Sundance Film Festival employees attend a Stop the Bleed training course at The Raye Theater in Park City on Wednesday, Dec. 19, 2018.

PARK CITY — Do you ski? Do you snowboard? Do you like to huddle over a tiny hole cut in the ice of a frozen lake and wait for the telltale tug of a fish bite?

If your answer is yes to any of those questions, congratulations. Because the rest of us are doing our best to make it through the worst month of the year.

I’d feel bad for January if I were in the habit of personifying arbitrary designations of time and space. January is what December would be if it had to take off its Christmas disguise.

If January were a food, it would be fruitcake — fruitcake that tastes like phlegm. If it were a meme, it would be that kid with the braces, red plaid vest and freckles who never gets anything right. If you could put inversion on a flag, that would be January’s flag.

Provided by the Sundance Institute
Molly Ivins appears in "Raise Hell: The Life & Times of Molly Ivins" by Janice Engel, an official selection of the Documentary Premieres program at the 2019 Sundance Film Festival.

January is the kind of month that makes you wish hibernation was a legitimate option. It would be the perfect month for going to the theater and watching movies, but if a movie comes out in January, there’s an 80 percent chance it will be terrible. The good stuff either came out at Christmas or is being held back for spring. And spring never feels farther away than it does in January.

Thank goodness, then, for the Sundance Film Festival. For a dozen or so days every winter, movie fans in Utah can forget that the air is trying to kill them. While the rest of the world gets by on cinematic table scraps, we get a sneak preview of the best of the year to come.

Sundance might just be the best thing about January.

During Sundance, that older gentleman in the produce section who looks a little like Sir Patrick Stewart has a pretty good chance of actually being Sir Patrick Stewart!

During Sundance, you have an excuse to spend time in Park City, which has breathable air and one of my favorite Mexican restaurants.

Jose Haro, Provided by the Sundance Institute
Ine Marie Wilmann appears in "Sonja – The White Swan" by Anne Sewitsky, an official selection of the Premieres program at the 2019 Sundance Film Festival.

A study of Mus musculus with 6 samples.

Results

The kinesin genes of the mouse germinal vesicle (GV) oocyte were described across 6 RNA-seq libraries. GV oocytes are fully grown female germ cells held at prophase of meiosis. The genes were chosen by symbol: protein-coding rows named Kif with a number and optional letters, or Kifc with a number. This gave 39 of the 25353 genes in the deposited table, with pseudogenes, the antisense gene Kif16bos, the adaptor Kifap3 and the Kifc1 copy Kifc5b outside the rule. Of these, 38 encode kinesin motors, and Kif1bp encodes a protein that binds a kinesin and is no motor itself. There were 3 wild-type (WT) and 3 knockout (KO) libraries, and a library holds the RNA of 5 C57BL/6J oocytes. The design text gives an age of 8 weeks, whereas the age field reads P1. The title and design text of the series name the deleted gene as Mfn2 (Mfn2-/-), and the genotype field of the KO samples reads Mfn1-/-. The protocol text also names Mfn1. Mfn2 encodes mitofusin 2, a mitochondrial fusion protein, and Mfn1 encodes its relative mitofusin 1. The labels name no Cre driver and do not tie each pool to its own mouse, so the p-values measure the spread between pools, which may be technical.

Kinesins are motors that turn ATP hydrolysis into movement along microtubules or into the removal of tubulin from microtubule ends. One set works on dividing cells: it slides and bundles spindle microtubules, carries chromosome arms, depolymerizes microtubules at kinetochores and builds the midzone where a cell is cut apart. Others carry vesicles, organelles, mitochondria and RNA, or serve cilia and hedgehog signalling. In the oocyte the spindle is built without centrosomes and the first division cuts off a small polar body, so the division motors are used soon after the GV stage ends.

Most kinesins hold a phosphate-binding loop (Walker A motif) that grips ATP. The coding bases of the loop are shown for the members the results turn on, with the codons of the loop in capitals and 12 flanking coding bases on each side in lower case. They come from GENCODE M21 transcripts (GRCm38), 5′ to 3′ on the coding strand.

During Sundance, you can see compelling documentaries, which will give you lots of sophisticated conversation-starters for parties and customer service lines at department stores.

During Sundance, you can enjoy the cozy psychological satisfaction of supporting independent film, knowing full well that for the rest of the year you will mostly be watching Marvel movies and YouTube videos about Marvel movies.

During Sundance, you can help boost the local economy. Last year’s festival had a reported $191 million dollar impact on the Beehive State. That’s six bottles of Hires fry sauce for every Utah resident, or if like me, you don’t like fry sauce, you could book 479,000 performances from Salt Lake area Elvis impersonator Bob Shorten!

During Sundance, you get to toss off the bitter cold and enjoy the warm embrace of nostalgia as you relive the good old days when you had to stand in really long lines before getting into a movie!

Provided by the Sundance Institute
Matthias Schoenaerts appears in "The Mustang" by Laure de Clermont-Tonnerre, an official selection of the Premieres program at the 2019 Sundance Film Festival.
2 comments on this story

OK, I guess that last one isn’t really a good thing.

To be fair, Sundance can be a pretty hit-and-miss venture, with as many cons as pros. After six years of coverage, I’m still torn by Utah’s most famous film festival.

But look out the window and consider the alternative. Without Sundance, January is just a month to get through, a month to survive. With Sundance, January has at least one thing we can all look forward to.

Unless you ski. Maybe we should just ski. Does Sir Patrick Stewart ski?